People at high risk of heart attack had fewer problems after stress management therapy
January 27, 2011
Stress and anxiety are believed to contribute to heart disease and heart attack. But can therapy to manage stress help reduce the incidence of recurrent heart attacks and other cardiovascular events?
To answer that question, researchers in Sweden asked 362 people who had either a recent heart attack or surgery for blocked coronary arteries (bypass or percutaneous coronary intervention) to participate in a study; all were age 75 or younger. One half of the group received standard medical care, and the other half received the same care plus 20 sessions of cognitive behavioral therapy (CBT) over 12 months that focused on stress management.
Eight years later, the group that participated in the therapy sessions had a 45 percent lower rate of heart attacks and a 41% lower rate of other cardiovascular events. It was also revealed that the more regularly the participants attended therapy sessions, the lower their risk of second heart attacks or other events.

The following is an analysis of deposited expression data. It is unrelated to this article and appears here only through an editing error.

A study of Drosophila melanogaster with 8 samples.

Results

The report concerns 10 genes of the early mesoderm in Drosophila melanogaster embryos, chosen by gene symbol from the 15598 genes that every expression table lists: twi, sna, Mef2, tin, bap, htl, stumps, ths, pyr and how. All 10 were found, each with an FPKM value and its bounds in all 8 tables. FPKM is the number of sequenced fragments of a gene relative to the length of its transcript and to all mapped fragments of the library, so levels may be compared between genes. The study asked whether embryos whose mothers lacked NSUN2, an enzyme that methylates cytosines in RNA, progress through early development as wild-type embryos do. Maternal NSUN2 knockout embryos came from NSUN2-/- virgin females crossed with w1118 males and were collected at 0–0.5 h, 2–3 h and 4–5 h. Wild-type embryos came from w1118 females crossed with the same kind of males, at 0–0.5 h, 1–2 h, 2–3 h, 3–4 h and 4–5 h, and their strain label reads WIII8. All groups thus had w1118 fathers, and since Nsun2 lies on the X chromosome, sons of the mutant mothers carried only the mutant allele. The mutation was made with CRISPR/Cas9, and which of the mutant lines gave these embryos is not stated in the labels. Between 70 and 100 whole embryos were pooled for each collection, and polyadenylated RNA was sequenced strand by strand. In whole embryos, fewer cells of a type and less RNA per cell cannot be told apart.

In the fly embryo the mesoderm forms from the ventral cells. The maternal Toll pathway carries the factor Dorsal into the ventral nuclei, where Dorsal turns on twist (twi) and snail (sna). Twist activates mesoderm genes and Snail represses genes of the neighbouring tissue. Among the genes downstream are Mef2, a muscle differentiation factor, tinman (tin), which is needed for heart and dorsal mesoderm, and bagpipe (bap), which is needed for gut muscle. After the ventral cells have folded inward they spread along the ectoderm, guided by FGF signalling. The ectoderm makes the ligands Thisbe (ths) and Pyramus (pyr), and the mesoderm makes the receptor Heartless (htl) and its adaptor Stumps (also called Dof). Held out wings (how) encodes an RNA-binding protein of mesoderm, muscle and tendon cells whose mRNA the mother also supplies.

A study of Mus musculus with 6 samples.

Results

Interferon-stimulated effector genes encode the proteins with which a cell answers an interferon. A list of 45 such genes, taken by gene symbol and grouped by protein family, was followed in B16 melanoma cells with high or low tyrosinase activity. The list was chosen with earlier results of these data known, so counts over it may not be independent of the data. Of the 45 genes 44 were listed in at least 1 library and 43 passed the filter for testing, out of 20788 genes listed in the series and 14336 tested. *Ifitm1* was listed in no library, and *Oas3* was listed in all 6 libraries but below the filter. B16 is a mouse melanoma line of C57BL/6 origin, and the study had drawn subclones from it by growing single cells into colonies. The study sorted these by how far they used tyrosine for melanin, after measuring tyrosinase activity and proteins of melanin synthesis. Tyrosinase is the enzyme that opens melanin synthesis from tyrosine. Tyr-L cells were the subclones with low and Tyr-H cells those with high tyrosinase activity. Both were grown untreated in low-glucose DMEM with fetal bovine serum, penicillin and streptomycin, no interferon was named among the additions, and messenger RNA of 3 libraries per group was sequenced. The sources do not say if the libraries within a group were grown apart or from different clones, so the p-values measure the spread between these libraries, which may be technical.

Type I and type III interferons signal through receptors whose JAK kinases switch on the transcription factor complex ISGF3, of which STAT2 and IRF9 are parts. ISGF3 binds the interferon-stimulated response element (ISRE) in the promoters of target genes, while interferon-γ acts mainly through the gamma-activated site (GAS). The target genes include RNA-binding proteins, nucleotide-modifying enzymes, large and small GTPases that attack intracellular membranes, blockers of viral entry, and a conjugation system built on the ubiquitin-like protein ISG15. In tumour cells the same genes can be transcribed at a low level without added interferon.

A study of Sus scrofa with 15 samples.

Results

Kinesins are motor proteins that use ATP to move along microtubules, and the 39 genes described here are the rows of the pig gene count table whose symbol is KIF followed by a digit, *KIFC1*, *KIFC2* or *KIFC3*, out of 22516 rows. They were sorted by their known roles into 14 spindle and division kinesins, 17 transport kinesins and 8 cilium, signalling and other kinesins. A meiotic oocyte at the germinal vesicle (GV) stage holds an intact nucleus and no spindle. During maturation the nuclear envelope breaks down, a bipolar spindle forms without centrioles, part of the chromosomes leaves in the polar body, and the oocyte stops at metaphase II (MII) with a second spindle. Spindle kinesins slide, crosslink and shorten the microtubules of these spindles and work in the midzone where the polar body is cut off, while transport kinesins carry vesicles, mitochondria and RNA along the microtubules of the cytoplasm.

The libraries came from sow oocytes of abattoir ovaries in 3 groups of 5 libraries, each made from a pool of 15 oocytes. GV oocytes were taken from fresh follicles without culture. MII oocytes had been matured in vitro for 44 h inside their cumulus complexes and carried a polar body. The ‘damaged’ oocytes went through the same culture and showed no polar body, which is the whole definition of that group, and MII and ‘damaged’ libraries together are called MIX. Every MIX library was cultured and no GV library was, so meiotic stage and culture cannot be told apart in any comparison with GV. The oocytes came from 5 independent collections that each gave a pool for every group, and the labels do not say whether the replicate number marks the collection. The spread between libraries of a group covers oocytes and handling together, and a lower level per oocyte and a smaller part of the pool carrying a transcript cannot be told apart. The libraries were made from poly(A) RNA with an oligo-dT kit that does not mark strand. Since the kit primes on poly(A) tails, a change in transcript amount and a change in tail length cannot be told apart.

Stress management is an important part of good health even for people who are not at high risk of a heart attack. If you feel that stress is taking a toll on your health, consider stress-management techniques, especially long-term cognitive behavioral therapy (CBT). In this study, men and women who participated in CBT learned and practiced specific skills on coping with stress and reducing feelings of anger and hostility.
Mats Gulliksson; Gunilla Burell; Bengt Vessby; Lennart Lundin; Henrik Toss; Kurt Svärdsudd. "Randomized Controlled Trial of Cognitive Behavioral Therapy vs Standard Treatment to Prevent Recurrent Cardiovascular Events in Patients With Coronary Heart Disease: Secondary Prevention in Uppsala Primary Health Care Project (SUPRIM)." Archives of Internal Medicine, Jan 2011; 171: 134 - 140.